Burying Pets Ashes

Burying pets ashes in your garden is totally legal as long as you own the property, the issue of whether it is environmentally hazardous won’t arise as your pet has been cremated.

There are few issues to consider:

Burying my pets ashes in the garden
my pets ashes cat cremation burying in the garden

Whereabouts in the garden?

A favourite resting spot in the sunshine is a popular choice as well as somewhere that can be seen from a kitchen or lounge window.  

Do make sure that there aren’t any utilities, pipework or cables where you are burying and that it is somewhere that won’t be dug up, sometimes places close to the house can be more problematic.

Do I need an urn or casket?

What do you want to do with the ashes in the future? Do you want the ashes of your pet returned to the soil? If the answer is yes then you could choose a biodegradable urn that will break down naturally over time. You may not need an urn at all.  You can always have a marker to show the last resting place.

If you want to keep the ashes and think you might move house at some point then you might want to consider a waterproof urn with a marker so that you can dig it up if you need to.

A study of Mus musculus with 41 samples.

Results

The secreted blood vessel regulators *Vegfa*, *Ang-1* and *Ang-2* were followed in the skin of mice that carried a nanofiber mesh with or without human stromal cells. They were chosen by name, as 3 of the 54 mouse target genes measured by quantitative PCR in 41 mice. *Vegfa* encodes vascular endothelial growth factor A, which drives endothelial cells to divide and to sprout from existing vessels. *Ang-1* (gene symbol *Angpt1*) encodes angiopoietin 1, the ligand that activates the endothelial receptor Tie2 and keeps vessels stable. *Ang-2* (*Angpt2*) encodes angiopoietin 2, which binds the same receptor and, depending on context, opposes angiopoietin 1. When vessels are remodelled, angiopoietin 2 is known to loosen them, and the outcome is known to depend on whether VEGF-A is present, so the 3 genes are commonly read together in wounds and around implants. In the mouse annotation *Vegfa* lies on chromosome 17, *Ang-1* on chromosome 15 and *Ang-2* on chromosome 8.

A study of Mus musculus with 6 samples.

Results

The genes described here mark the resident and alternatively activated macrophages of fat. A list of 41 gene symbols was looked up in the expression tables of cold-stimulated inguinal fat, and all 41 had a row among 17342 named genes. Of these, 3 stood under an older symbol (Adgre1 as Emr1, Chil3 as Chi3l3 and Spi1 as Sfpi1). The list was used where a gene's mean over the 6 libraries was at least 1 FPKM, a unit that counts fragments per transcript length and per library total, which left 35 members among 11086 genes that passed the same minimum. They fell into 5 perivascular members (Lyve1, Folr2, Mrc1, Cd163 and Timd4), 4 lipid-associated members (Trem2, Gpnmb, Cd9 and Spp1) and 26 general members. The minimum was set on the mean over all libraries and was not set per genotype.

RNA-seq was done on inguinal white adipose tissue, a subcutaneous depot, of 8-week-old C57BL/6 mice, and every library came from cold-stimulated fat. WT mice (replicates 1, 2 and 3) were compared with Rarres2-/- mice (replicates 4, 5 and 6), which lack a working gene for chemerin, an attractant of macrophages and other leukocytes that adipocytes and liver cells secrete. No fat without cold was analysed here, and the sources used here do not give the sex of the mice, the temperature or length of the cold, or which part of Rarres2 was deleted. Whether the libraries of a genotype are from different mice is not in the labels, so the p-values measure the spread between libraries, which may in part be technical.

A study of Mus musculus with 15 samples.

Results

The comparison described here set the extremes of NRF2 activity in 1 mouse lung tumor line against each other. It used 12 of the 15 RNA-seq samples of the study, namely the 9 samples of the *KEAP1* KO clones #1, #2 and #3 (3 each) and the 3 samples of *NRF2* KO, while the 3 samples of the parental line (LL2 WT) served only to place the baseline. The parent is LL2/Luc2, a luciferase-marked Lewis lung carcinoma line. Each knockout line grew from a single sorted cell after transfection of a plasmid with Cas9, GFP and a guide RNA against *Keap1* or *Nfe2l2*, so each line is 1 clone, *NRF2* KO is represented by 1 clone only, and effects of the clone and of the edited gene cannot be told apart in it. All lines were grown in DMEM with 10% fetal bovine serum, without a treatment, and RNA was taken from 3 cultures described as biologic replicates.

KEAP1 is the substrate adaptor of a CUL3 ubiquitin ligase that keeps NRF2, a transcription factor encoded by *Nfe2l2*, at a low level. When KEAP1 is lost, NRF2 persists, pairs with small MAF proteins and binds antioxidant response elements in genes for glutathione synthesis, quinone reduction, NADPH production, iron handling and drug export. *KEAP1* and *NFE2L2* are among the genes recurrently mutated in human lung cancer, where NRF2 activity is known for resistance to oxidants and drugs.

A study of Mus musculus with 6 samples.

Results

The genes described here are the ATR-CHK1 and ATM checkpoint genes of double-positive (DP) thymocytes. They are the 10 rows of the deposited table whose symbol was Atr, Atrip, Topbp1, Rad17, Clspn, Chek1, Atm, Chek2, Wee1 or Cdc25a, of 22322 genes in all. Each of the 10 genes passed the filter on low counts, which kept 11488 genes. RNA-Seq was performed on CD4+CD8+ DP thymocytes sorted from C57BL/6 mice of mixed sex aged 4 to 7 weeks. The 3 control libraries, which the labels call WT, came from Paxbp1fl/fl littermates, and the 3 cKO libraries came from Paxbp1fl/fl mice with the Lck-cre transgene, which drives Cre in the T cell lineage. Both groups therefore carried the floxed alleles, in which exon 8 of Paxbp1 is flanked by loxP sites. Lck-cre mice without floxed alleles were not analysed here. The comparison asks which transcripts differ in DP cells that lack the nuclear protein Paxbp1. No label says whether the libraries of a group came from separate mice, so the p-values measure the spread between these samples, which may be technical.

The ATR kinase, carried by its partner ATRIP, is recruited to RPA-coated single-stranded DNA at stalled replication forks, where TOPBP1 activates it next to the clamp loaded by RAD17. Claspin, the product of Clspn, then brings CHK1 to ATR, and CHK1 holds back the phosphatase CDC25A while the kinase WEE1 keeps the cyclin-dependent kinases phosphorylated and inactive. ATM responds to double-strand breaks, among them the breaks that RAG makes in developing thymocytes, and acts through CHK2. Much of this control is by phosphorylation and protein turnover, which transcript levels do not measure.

Burial Urns

What type of burial urn you choose will depend on the amount of ashes you want to bury and design. We have lots of 100% biodegradable urns that you can bury and will break down gradually into the soil. For our full range see here

Burying pet ashes

If you are using a non-degradable urn it is advisable to dig a hole deeper than 2 feet+ (to minimise the chance of disturbance). If you want the ashes to breakdown in the soil you will need to bury the ashes nearer to the surface where more biological activity takes place.

Marking the spot

The last point to think about is marking the spot. A stone, plaque, shrub or a tree can be good options. A tree or shrub is more discreet BUT you will need to consider its proximity to walls, services and neighbours, as it might be distressing if you have to move or restrict the tree should a problem arise.

Shrubs and trees can be very comforting to nurture and look at during the changing seasons. Giving you a focus for thinking about all the good times you had together.